Lone Scherfig


Interviewed by Jen Foley

“Sometimes the actors would tell me that something just isn't funny ”

A disciple of Lars von Trier's Dogme 95 school of filmmaking, Lone Scherfig first made an impression with Italian For Beginners. Wilbur (Wants To Kill Himself) is her first English language feature film. Shot in Glasgow and Denmark, it's the story of a pair of bookish brothers, whose lives are changed when they meet single mum Alice.

The film is a comedy with suicide as a theme. That must be a difficult pitch...

Absolutely! It is hard to explain what kind of film this is. And it's hard to communicate that you're trying to deal with something very serious and make fun of it, and still insist that you are not superficial. But I think it's a privilege to work in Europe and to work in countries as small as ours, and on budgets that are as small as ours, because you can do something like this without having to explain. You can make a film about a very sad subject, but which is still a comedy.

Initially the film was going to be made in your native Denmark, but you moved it to Scotland...

I'm very glad we moved it to Scotland. It is a better setting for that story - there are better bookshops, more humour and better actors. Part of it had to do with Breaking The Waves - Zentropa, the Danish studio where I work, had already co-produced with a Scottish producer. And part of it is because Scotland is a lot more like Denmark than England is. We feel quite at home here for some strange reason. But there is more drama, and it is much more beautiful. Had it been a Danish film it would have been more modest, plain and perhaps a bit more superficial.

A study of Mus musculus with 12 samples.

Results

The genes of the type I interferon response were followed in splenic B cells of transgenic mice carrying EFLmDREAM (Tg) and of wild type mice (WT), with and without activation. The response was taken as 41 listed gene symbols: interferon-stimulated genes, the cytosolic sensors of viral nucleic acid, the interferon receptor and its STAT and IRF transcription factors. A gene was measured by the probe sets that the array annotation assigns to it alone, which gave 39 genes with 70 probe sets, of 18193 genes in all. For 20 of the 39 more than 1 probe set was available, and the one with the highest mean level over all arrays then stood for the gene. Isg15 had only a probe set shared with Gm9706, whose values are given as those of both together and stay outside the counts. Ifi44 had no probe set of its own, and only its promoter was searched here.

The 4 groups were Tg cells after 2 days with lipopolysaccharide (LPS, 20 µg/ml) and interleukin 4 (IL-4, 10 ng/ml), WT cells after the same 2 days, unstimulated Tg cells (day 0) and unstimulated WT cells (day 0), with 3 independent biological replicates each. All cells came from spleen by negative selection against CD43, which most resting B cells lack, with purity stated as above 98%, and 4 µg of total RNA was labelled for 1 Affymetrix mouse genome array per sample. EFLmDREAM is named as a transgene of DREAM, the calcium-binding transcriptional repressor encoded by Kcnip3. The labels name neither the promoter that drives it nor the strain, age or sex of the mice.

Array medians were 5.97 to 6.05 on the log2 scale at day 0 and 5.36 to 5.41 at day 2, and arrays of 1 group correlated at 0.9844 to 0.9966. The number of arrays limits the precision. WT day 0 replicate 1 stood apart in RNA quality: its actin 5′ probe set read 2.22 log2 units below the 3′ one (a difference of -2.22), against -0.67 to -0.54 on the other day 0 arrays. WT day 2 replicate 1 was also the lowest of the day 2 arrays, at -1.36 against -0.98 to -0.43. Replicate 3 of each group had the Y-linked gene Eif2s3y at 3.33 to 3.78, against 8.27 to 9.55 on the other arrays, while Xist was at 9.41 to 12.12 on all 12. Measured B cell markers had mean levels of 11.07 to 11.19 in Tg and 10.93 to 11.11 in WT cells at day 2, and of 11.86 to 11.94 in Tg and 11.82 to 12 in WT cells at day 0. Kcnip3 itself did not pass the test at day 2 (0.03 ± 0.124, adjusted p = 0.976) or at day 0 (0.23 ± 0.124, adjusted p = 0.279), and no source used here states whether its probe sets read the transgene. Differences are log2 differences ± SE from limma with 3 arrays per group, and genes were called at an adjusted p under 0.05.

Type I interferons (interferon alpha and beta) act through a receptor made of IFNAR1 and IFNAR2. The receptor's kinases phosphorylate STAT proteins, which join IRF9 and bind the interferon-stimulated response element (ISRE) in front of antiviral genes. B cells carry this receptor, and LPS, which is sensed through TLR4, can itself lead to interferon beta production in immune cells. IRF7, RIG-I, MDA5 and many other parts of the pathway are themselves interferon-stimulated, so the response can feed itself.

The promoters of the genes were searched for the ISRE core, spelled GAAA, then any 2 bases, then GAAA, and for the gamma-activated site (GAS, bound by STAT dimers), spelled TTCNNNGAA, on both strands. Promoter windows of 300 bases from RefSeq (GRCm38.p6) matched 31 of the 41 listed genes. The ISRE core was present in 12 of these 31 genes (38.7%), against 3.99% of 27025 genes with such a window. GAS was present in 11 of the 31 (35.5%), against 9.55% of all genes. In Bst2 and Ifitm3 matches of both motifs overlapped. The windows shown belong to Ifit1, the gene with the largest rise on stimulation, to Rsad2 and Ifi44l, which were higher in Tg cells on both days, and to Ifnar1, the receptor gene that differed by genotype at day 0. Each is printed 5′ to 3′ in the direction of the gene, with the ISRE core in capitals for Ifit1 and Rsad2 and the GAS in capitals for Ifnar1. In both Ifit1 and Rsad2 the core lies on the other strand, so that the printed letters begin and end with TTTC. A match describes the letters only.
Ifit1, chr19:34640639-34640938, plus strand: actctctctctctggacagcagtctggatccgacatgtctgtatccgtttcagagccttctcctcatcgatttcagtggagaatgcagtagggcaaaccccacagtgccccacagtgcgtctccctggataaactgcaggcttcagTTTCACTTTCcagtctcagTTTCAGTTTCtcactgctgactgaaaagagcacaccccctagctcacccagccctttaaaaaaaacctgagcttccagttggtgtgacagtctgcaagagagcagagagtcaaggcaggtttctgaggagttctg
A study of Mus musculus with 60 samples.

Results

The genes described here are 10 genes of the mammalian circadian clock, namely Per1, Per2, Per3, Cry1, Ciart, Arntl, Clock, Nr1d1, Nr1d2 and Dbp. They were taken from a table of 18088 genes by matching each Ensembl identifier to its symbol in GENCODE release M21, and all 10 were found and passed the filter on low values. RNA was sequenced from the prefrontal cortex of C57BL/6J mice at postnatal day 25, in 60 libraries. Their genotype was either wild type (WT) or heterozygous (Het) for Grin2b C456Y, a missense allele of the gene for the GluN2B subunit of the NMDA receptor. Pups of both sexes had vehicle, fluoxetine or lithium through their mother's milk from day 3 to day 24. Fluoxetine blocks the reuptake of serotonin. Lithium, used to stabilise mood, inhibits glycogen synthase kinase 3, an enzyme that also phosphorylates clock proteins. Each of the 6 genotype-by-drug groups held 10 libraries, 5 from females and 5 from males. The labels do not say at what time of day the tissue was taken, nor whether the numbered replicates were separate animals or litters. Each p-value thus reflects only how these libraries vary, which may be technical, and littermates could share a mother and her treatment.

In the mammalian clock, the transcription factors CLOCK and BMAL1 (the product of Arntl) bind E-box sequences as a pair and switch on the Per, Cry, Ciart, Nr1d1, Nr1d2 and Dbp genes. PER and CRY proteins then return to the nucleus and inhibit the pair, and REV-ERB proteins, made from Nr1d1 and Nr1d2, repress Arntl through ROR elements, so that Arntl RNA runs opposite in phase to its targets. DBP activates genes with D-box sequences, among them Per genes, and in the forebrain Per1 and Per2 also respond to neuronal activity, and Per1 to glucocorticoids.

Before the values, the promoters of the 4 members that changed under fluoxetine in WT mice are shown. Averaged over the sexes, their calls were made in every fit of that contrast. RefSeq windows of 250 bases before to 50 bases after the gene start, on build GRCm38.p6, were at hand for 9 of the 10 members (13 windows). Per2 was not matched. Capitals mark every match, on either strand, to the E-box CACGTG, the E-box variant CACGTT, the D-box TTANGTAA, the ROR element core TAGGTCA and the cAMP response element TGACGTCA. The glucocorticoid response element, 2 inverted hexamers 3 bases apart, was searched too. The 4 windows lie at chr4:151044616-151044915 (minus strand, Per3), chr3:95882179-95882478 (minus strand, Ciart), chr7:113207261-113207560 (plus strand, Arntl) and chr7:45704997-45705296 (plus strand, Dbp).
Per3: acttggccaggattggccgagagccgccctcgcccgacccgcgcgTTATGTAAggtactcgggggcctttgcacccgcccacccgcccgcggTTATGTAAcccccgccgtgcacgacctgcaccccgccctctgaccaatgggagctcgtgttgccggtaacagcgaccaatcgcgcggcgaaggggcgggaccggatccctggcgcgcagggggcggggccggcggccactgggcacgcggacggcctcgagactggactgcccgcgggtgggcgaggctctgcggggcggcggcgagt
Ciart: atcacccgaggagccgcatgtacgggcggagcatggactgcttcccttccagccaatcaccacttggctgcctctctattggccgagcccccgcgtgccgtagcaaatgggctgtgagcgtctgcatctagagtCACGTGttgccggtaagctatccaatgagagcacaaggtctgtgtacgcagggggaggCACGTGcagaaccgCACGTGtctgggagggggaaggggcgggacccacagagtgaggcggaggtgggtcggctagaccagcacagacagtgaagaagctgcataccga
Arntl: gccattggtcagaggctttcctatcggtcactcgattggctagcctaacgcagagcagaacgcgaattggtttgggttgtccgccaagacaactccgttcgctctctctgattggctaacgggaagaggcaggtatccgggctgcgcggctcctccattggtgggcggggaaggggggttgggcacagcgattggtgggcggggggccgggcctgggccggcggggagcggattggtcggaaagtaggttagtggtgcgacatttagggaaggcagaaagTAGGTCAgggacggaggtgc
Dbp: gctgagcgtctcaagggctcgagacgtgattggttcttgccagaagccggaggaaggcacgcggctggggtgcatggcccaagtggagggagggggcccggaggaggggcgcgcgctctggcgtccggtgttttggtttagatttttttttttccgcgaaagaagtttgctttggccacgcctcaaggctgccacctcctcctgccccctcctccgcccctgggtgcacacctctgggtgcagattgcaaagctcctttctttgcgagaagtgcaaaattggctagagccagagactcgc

You wrote the film with Anders Thomas Jensen. What's it like writing dialogue in English instead of your native language?

We can't hear if it works. Though I can tell if the acting is good, I don't have the precision in the language. I think I trusted the actors more than I would have, probably gave them more space than if they were speaking my own language. I can hear if something sounds really phoney, but I don't have the precision I have in my own language. Humour is all about timing, and sometimes the actors would tell me that something just isn't funny. It's a matter of being the kind of director where people don't pretend they like your work, to be open to criticism and even asking for it. I've been hurt but...[laughs]

When you're casting a film like this, what qualities in the actors are you looking for?

I think the older I get the less I look at people's resumes. I'm more and more willing to take risks. It's about intuition. But I'm very afraid of miscasting. One miscast actor can ruin the whole film. I learnt from when Lars von Trier cast Emily Watson in Breaking The Waves instead of Helena Bonham Carter. What I learnt from that is to let the actor not just play the role, but really to get the role, to give them enough control. That makes the acting better. So it is much more about intuition, and who do I want to be with for the two or three months of filming.